Signifying Nothing (Hammond Fleet Productions)
Theatre Republic, La Boite Studio
September 12 -23
Paul and Lainey Macbeth are double trouble…the ultimate ambitious duo, ruthless and willing to risk everything for more. They are like the Francis and Claire Underwood power-couple of Western Australian public service, moving swiftly from local politics to the state’s premiership. Even Paul’s best friend, Banquo has doubts about Mac and Lainey’s tactics. This is “Signifying Nothing”, playwright and stand-up comedian Greg Fleet’s modern take on Shakespeare’s “Macbeth” tragedy of vaulting political ambition, set in the megalomaniac world of Australian politics and featuring transformation of the bloody Scottish tyrant to a foul-mouthed politician with vaulting ambition and a hard drug habit.
The show is a two-hander, beginning as a husband and wife domestic drama, with all of the other characters later appearing as compliment on screen. Fleet is strong as the arrogant and egomaniacal, but also slyly charismatic, liberal candidate Paul Macbeth, even though the original text’s denser dialogue doesn’t always sit well in his delivery. Nicola Bartlett, meanwhile is both powerful and beguiling as his wife Lainey, ruthlessly manipulative and haunted by grief as she struggles to stay behind the political scenes. In her hands, the protagonist’s lady is more of a vulnerable, tragic heroine than focussed femme fatale. And it works. Her performance is a compelling one of desperation as she breaks down more from ongoing grief than sudden guilt over her primary role in the political machinations which have led to Premier Duncan being scandalised and Banquo brutally murdered. Indeed, the interaction between the two, co-dependently clinging to each other in the parental grief that many had read from the play, conveys an affection that reveals a real humanity behind their house of cards, enabling those familiar with the source material to consider their relationship anew.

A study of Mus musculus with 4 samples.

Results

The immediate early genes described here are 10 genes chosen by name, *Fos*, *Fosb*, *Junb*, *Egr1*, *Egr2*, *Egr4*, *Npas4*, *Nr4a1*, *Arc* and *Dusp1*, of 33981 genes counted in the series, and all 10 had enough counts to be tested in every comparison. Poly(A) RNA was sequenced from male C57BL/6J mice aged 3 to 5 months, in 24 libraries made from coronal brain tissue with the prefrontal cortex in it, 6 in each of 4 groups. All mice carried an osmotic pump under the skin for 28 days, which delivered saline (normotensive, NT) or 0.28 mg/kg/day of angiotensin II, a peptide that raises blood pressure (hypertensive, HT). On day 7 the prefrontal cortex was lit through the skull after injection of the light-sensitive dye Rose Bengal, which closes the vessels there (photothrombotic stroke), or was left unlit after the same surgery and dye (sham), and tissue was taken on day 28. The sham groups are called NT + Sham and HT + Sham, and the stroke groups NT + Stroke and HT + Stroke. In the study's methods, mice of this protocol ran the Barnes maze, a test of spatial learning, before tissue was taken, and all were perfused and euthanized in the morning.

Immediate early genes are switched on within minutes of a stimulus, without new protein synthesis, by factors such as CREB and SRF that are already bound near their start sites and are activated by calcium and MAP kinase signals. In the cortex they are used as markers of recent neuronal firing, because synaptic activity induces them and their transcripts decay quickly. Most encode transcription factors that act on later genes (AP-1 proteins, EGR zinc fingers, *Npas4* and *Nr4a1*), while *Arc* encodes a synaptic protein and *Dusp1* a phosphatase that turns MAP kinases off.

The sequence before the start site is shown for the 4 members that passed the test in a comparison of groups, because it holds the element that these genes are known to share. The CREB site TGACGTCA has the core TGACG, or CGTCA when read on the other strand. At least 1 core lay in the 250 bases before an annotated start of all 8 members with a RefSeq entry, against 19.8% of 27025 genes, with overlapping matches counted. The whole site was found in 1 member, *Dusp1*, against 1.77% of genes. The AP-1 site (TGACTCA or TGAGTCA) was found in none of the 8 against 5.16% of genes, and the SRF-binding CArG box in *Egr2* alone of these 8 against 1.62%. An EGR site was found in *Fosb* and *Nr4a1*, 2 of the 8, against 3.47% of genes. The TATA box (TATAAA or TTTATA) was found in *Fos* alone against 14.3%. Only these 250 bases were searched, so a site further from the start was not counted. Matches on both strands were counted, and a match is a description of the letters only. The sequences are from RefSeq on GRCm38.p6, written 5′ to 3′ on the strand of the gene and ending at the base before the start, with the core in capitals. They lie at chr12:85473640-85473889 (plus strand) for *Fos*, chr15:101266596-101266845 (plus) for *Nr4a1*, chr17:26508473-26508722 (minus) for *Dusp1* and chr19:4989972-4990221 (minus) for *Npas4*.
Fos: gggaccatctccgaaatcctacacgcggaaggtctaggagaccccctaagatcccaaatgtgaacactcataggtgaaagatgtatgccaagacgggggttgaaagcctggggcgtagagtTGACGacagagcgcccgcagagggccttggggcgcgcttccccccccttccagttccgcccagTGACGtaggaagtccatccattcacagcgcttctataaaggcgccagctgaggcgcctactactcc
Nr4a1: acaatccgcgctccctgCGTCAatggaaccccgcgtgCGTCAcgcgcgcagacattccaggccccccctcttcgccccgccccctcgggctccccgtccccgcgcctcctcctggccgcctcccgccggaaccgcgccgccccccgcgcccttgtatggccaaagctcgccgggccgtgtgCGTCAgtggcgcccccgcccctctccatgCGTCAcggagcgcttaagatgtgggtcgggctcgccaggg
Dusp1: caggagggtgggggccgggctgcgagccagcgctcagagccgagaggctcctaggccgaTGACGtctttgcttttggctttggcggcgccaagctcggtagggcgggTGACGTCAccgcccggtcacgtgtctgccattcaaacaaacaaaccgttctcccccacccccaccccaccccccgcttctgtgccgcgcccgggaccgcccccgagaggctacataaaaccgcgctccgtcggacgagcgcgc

Devilish scheming sits alongside comedy, however, as the robust Shakespearean story is morphed with the vibrant life of a Western Australian politician, eager to put aside the personal tragedy of loss of the couple’s son some years earlier in a domestic accident. The result is a compelling combination of high drama and political farce that is very clever in its contemporisation (without loss of key quotes) and Australian contextualisation. Although the expletive-filled Australian vernacular elements of the dialogue are quite delicious …. “Macbeth you dodgy fucker, Macduff is going to fuck you up”, however, it’s juxtaposition with Shakespearean language is sometimes jarring.
Similarly, when the story’s ghosts appear as projected on a screen above the bed, they are anticlimactic in ‘impact’. Otherwise, camera work complements set design, allowing for the intimacy of a marital bedroom, but also big picture moments courtesy of the projected recordings of the ‘munter’ weird sister ‘witches’ as exit-poll vox pop interviewees. Lighting evokes the extreme emotions of the story’s drama towards its ultimate, inevitable futility and a dynamic soundscape excites with song snippets from The Killers, Nick Cave and inventive use of Hilltop Hoods’ ‘The Nosebleed Section’ as integrated soundtrack to a political press conference q and a, representing some of the best few moments of theatre I’ve seen in recent years
“Signifying Nothing” represents a rich rendering of one of Shakespeare’s most popular plays, that audience members can appreciate with only minimal general knowledge of the literary canon from which it originates. In presentation of the themes of “Macbeth” anew, it illustrates Shakespeare’s capture of the universal human condition and the significance of its timeless theme of the potential consequences of unchecked ambition beyond mere cultural heritage value.